Communication Article 2 and Continuation of Article part 1


Don’t fall into the trap of accusing your partner of things. Instead, tell them what you need. Here’s two scenarios:

1.) You always leave the toilet seat up.
2.) I need you to put the toilet seat down.
When you use the second statement, you don’t accuse your husband of anything, you simply state a need. This is far less threatening.

These are so called “I” statements. When you say what you need rather than tell your partner that he has deficiencies, you are more likely to get him to cooperate. Why put him on the defensive? Instead, allow him the opportunity to please you.

Another tip is to frame your questions so your partner can answer them with the information you need. If you have a “strong silent type” for a partner who likes to give “yes” and “no” answers, this is a useful communication technique.

Consider the following two scenarios:

1.) Do you want to go to the barbeque this weekend?
2.) I’m getting the idea that you don’t want to go to the barbeque. Can you tell me why not?

The first statement will elicit a yes or no answer that doesn’t give you any good information. The second asks for your partner’s reasoning process.

Direct communication means that you don’t drop hints, cajole, say one thing when you mean another, and engage in verbal manipulation. All of these are barriers to clear understanding. When you communicate indirectly, you will undoubtedly have misunderstandings and resentments because neither person feels understood or accepted by the other.

Active Listening

Consider this conversation:

Wife: I want to go to Hawaii on vacation.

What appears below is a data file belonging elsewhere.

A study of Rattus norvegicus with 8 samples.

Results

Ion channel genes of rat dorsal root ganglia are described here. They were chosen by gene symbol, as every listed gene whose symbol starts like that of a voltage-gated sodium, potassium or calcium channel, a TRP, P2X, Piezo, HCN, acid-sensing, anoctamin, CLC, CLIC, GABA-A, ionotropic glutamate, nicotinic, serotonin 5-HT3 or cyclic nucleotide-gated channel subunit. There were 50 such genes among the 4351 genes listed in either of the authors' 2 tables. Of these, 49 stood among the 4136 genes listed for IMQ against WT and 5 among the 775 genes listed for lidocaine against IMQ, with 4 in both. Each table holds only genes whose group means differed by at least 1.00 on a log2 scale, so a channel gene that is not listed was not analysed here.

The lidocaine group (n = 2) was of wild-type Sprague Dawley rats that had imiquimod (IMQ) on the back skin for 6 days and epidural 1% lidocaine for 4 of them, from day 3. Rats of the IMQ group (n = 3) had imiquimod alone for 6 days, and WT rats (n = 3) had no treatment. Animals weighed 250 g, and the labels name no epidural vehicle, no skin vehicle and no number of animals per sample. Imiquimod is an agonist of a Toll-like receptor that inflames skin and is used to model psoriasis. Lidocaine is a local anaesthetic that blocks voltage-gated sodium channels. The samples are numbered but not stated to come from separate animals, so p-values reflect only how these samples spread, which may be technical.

Husband: I want to go to New York instead.

Wife: The beaches in Hawaii are so beautiful.

Husband: Not only are there great tourist sights to take in during the day, we can go to Broadway shows at night. Also, I’d love to take in a game at the new Yankee stadium.

Wife: American Airlines has a special on flights to Hawaii right now.

This couple is just talking past each other. They might as well go on separate vacations for all their conversation is worth.

As important as it is to say what you want, it is also important to hear what your partner is saying. In a conversation, you shouldn’t be just waiting for a time to get your next word in. You should try to understand what your partner is saying.

Part of this is merely courtesy. Once you have had the opportunity to state a position, your partner has the right to state his. It is only in the give and take that you can find a position that makes sense in terms of the larger relationship. Active listening means that you process what your partner is really saying.

And this goes beyond mere words. Observe the body language and gestures that the speaker makes. It is not unusual for words to convey one message and body language to signal another. When there is a disconnect between words and body language, you should ask what is really going on.

Article 3 in this series of article on communication will go into “Body Language”.